Spring is officially here, but old man winter isn’t letting go quite yet.
Cities and towns braced for Winter Storm Genny, yet another snow storm that's impacting Connecticut.
In Suffield, the highway department has been preparing all week for this storm by pre-treating roads and checking all of its trucks.
Joe Duval of the highway department told Channel 3 that a lot of work goes into the preparations even before the flakes fly.
“You know the storm is coming a few days in advance, you can get ready," Duval said.
The storm is another nor'easter, the fourth in less than three weeks.
“Get the truck checked, check the oil, make sure the plow is working correctly, the sander as well," listed Duval.
The department is responsible for the roads in town.
“We do 80 miles of road and about seven and a half of private roads. We do all the schools, we do all of the emergency services, police, fire stations, the ambulance, senior center and everything in between,” said highway foreman Mark Cervione.
The department has nine routes in town and each route takes about three hours to complete.
Duval has been responsible for the same route for years.
“My route starts about here. It’s roughly six miles," he said. “Mine here has more cul-de-sacs and dead ends then it does main roads, lengthwise.”
It takes him about 6 hours to complete.
“Sometimes if it’s really heavy, 1 to 2 inches an hour, you’ll be in the truck upwards of eight hours, 10 hours," Duval said. "Taking breaks as you need is definitely the most important.”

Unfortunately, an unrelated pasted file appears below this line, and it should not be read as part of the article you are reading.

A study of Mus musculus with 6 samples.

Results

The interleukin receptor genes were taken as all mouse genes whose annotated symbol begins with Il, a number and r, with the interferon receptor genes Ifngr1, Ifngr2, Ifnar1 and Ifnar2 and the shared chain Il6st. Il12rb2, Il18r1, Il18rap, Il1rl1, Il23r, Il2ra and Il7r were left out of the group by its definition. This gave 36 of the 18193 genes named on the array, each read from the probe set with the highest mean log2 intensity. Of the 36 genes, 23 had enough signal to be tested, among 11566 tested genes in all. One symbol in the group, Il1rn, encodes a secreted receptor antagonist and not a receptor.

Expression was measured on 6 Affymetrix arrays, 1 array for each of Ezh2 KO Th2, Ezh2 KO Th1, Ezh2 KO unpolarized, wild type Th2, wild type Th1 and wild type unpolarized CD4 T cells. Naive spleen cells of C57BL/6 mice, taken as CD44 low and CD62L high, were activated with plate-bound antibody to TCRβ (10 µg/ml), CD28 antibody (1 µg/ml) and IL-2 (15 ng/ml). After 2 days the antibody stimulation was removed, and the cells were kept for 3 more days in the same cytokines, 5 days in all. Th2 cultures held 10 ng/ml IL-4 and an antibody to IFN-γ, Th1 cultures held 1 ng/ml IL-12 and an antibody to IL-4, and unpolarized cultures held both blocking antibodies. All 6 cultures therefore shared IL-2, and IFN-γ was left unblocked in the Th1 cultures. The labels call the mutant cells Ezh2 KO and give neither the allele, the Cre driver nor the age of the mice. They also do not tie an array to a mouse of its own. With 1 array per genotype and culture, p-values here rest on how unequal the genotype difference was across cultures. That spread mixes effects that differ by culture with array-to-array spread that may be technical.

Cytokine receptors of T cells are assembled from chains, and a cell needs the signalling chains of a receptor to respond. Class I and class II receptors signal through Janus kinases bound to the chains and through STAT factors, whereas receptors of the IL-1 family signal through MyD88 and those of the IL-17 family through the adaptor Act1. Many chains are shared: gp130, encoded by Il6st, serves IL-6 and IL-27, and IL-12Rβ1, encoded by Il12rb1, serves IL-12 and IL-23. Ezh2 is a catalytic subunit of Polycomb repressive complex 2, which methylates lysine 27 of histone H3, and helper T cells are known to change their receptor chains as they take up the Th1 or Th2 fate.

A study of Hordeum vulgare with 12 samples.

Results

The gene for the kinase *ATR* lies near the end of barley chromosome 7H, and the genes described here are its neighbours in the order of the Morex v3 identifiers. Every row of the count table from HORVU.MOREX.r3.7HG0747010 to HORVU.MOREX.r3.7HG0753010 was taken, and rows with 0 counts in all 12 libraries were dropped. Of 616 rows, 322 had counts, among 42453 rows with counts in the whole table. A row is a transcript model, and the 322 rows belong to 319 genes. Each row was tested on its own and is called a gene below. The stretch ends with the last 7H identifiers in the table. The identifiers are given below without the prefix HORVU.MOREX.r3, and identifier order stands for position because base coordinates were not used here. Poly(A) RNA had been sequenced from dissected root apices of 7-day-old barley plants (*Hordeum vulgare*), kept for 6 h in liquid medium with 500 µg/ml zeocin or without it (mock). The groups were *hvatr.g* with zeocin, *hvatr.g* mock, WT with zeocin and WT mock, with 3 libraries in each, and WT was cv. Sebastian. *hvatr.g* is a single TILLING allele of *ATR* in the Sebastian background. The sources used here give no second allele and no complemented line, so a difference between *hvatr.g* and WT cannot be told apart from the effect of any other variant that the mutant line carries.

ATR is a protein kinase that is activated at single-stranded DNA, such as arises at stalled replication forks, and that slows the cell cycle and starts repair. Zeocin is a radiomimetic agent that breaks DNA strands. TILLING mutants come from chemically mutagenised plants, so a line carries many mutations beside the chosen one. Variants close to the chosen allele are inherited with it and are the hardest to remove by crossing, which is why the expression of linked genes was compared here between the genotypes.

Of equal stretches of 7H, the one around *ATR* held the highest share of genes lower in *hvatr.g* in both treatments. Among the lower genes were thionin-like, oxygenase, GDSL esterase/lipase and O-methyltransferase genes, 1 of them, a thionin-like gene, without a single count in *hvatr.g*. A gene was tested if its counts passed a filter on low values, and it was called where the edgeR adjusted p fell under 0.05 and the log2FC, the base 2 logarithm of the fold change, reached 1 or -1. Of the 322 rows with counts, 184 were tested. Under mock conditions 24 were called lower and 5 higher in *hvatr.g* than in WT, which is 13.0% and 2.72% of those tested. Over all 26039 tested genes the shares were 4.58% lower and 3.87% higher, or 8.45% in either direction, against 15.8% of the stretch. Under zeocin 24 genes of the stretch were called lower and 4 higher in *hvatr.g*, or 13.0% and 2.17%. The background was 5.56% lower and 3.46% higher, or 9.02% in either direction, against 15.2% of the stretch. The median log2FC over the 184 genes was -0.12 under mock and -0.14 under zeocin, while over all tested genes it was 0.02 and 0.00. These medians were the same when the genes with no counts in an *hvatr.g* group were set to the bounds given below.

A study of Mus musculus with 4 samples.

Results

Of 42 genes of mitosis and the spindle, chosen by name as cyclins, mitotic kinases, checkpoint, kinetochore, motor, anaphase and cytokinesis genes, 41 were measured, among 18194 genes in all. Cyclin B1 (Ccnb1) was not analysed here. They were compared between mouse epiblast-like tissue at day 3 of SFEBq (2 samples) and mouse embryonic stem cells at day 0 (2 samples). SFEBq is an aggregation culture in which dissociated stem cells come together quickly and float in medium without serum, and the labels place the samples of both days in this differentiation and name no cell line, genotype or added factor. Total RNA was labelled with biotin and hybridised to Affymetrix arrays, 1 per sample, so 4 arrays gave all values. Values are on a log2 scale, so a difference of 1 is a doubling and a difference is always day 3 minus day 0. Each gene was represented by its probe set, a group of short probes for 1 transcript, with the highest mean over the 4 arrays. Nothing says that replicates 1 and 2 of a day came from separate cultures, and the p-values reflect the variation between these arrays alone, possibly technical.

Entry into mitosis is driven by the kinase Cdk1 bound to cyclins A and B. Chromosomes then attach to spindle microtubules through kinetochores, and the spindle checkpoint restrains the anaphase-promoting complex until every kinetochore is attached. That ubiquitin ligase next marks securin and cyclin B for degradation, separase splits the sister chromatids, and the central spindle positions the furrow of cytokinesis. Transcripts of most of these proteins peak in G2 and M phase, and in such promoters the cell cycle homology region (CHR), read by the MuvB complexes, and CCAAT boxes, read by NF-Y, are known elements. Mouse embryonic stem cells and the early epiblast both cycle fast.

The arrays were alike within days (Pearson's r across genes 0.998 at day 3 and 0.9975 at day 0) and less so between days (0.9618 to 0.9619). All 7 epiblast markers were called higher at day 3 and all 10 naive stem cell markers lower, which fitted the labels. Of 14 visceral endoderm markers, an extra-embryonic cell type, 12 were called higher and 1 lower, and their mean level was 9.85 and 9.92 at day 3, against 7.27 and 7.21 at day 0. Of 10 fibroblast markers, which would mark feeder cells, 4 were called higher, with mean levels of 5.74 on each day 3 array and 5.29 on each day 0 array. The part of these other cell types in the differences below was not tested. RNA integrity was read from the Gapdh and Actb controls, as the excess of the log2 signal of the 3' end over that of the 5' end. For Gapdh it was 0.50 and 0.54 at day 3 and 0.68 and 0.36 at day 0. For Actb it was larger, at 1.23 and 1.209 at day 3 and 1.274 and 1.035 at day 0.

Crews are also responsible for clearing out all of the schools, the police department, the fire stations, ambulance and senior center.
If drivers see a plow out on the roads, Duval said there are a couple of things they should remember.
First, don't go as fast and give them some distance so they can do their jobs.
Second, their work doesn't end when the snow does.
“Afterwards, we usually salt everything so that nothing re-freezes," he said. "If it does, we’ll come back and re-salt everything.”
Both the highway department and Suffield police are urged everyone to abide by the parking ban to make things easier for crews out on the roads.
There will also be extra patrols out on the roads.
“If you don’t have to go somewhere, then don’t risk your safety and the safety of others by going out. If you have to go out, travel very slowly, drive slowly, give yourself plenty of space between you and the car in front of you,” said Capt. Christopher McKee, Suffield police.
At the end of the day, Duval said there's nothing better than eating a hot bowl of soup and relaxing.
For the latest on the forecast, read here.